WASHINGTON – China is making progress in enforcing sanctions imposed on North Korea, a U.S. State Department official said Thursday, and urged skeptical members of Congress not to rush to enact new ones before giving Beijing’s efforts a chance to take effect.
“We are working closely with China to execute this strategy and are clear-eyed in viewing the progress — growing, if uneven — that China has made on this front,” State Department Assistant Secretary Susan Thornton told a Senate hearing just before leaving for China with Secretary of State Rex Tillerson.
Members of the Senate Banking Committee advocated for tougher action to clamp down on Pyongyang’s nuclear and missile development.
China on Thursday ordered North Korean-owned businesses to close, cutting foreign revenue for the isolated North under U.N. sanctions imposed over its nuclear and missile programs.
China is North Korea’s main trading partner, making Beijing’s cooperation essential to the success of sanctions imposed in an effort to stop the North’s pursuit of weapons technology.
North Korean businesses and ventures with Chinese partners must close within 120 days of the Sept. 11 approval of the latest sanctions, according to the Ministry of Commerce. That will be in early January.
North Korean companies operate restaurants, trading outfits and other ventures in China, helping to provide the North with foreign currency.
The latest round of sanctions approved by the U.N. Security Council ban member countries from operating joint ventures with North Korea.
The sanctions also ban sales of natural gas to North Korea and purchases of the North’s textile exports, another key revenue source. They order other nations to limit fuel supplies to the North.
China, which provides the bulk of North Korea’s energy supplies, announced last Saturday it will cut off gas and limit shipments of refined petroleum products, effective Jan. 1. It made no mention of crude, which makes up the bulk of Chinese energy supplies to North Korea and is not covered by the U.N. sanctions.
China also has banned imports of North Korean coal, iron and lead ore, and seafood since early September.
However, China sharply increased agricultural exports to the North in recent months, The Wall Street Journal reported Thursday.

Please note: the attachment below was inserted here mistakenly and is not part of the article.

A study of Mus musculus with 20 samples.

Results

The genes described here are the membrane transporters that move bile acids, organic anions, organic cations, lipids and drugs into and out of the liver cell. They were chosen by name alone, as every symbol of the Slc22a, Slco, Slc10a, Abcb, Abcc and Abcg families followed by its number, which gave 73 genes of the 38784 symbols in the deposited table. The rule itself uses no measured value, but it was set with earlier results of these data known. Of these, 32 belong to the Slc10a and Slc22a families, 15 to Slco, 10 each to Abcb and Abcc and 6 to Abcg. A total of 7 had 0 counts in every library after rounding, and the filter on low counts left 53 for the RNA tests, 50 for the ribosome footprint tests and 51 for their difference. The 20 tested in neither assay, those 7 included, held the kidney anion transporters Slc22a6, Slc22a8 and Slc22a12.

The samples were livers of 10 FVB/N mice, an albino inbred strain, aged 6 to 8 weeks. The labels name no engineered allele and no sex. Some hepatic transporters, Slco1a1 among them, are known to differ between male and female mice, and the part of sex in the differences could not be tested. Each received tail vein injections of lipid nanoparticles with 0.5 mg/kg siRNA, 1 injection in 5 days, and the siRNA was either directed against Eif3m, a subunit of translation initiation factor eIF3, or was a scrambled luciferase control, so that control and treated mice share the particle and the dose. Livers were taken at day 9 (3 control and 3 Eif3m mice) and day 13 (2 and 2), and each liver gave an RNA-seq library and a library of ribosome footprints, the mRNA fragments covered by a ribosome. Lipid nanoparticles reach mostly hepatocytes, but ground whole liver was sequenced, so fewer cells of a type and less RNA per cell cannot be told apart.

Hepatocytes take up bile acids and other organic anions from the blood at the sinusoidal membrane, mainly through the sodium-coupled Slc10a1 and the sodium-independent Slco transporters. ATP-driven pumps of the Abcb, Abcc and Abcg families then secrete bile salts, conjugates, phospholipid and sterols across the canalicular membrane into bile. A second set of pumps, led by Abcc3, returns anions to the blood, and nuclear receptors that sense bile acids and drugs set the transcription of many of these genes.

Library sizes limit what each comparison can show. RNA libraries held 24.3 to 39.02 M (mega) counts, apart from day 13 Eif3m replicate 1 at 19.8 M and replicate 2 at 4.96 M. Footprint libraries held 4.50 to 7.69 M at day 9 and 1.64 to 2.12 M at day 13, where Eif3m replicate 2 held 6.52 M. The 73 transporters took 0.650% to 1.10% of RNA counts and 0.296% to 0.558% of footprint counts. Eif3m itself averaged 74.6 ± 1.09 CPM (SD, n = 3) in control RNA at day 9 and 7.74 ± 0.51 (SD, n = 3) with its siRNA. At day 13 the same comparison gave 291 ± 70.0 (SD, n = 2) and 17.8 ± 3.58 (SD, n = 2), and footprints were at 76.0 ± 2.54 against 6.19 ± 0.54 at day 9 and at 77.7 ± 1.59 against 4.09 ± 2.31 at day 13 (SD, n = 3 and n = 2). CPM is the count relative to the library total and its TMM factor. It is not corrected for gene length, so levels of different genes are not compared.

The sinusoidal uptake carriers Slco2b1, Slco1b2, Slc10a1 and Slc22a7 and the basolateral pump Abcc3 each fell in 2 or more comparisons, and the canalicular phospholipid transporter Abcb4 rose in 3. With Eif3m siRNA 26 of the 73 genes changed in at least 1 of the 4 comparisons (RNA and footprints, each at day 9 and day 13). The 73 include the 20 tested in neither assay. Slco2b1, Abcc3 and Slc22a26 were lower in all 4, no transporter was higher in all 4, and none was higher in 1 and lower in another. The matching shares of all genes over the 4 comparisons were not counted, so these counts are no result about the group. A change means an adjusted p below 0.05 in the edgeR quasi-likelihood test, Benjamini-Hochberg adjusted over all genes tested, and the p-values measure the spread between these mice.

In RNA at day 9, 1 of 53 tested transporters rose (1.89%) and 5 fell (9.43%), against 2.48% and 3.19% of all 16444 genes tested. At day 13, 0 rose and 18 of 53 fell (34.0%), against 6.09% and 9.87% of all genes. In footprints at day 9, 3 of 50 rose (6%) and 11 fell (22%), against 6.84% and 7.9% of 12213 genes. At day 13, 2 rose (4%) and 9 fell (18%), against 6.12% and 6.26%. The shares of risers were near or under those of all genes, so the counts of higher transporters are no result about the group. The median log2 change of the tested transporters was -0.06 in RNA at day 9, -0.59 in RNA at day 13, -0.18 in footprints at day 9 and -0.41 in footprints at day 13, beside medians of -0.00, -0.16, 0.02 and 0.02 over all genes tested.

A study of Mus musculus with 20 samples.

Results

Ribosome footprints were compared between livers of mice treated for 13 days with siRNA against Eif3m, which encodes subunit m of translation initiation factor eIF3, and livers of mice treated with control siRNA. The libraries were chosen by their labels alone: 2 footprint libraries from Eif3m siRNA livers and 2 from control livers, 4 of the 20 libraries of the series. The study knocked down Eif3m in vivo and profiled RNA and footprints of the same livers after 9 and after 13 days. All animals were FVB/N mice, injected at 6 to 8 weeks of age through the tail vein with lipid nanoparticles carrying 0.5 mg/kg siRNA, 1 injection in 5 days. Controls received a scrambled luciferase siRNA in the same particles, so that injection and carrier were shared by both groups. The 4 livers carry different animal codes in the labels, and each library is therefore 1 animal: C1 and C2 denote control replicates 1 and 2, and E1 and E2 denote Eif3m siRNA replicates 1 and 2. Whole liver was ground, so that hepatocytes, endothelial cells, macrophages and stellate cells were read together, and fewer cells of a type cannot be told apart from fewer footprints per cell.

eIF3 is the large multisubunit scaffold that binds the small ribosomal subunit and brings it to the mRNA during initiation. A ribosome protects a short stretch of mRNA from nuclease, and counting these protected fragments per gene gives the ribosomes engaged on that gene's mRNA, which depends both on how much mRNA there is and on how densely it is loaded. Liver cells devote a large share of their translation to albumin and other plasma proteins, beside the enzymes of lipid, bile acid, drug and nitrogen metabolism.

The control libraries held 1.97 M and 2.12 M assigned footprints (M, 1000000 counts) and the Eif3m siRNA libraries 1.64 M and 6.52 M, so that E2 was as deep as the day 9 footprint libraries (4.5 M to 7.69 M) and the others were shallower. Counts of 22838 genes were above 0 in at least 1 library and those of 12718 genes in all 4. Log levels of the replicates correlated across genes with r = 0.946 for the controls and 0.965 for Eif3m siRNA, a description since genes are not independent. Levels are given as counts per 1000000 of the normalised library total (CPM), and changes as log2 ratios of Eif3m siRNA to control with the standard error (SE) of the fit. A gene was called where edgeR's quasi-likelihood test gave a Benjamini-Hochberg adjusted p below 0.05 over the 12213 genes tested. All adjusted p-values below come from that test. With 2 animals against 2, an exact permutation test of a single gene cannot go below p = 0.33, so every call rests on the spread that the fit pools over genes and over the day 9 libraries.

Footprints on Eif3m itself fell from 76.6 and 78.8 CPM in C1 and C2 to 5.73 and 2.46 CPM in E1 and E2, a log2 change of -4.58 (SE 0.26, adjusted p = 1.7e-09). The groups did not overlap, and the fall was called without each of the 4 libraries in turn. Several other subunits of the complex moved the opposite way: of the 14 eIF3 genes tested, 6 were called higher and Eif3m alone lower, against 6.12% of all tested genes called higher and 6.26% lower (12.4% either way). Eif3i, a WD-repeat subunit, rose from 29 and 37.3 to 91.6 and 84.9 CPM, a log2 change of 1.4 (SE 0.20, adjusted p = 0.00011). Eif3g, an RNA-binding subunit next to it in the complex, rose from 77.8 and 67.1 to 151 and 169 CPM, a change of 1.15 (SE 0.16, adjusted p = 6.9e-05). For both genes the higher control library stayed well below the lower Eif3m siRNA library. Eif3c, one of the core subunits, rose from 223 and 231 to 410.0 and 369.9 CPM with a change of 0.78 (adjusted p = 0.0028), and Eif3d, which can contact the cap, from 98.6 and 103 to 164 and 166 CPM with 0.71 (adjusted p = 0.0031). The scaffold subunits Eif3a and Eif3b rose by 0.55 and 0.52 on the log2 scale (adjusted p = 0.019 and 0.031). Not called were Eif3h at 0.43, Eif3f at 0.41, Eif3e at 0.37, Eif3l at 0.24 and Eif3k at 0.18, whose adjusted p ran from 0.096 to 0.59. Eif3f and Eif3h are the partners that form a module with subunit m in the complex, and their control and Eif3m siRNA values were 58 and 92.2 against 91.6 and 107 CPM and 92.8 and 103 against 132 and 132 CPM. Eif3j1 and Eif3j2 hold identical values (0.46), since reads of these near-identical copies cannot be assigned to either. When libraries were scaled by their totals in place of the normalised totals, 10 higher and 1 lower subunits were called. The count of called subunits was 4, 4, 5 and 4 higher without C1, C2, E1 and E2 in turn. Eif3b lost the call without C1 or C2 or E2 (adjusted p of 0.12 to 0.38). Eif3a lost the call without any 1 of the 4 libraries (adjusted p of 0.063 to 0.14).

Chinese corn exports to North Korea jumped about 100 times in July and August to a total of 34,964 tons from a year earlier, the paper said, citing figures from Beijing’s General Administration of Customs.
Similarly, rice exports surged 79 percent in the same period to 17,875 tons and wheat flour exports climbed 11-fold to 8,383 tons.
Tensions have been rising on the Korean Peninsula as North Korean leader Kim Jong Un and U.S. President Donald Trump exchange war-like threats and insults.
On Thursday, South Korea said it expects more provocative acts by North Korea next month to coincide with the founding of the Korean Workers’ Party.
Several banking committee members want harsher measures, including secondary sanctions targeting Chinese banks and companies doing business with North Korea, and measures to bar oil imports.
Thornton and the other witness, Treasury Department Undersecretary Sigal Mandelker, said Congress should not do anything that could interfere with efforts to find a diplomatic solution.
“When our hands are tied in different ways, it keeps us from being agile in the way that you would want us to be agile,” Mandelker said.
Trump ordered new sanctions against North Korea last week, including on its shipping and trade networks, showing he was giving more time for economic pressures to address the crisis after repeated warnings about possible military action.
“We are able and have the authority to target any company that’s continuing to trade with North Korea in any industry,” Mandelker said, when asked about the prospect of cutting off Chinese oil exports to North Korea.
Several committee members noted that North Korea’s economy has grown in recent months, and said China must do more.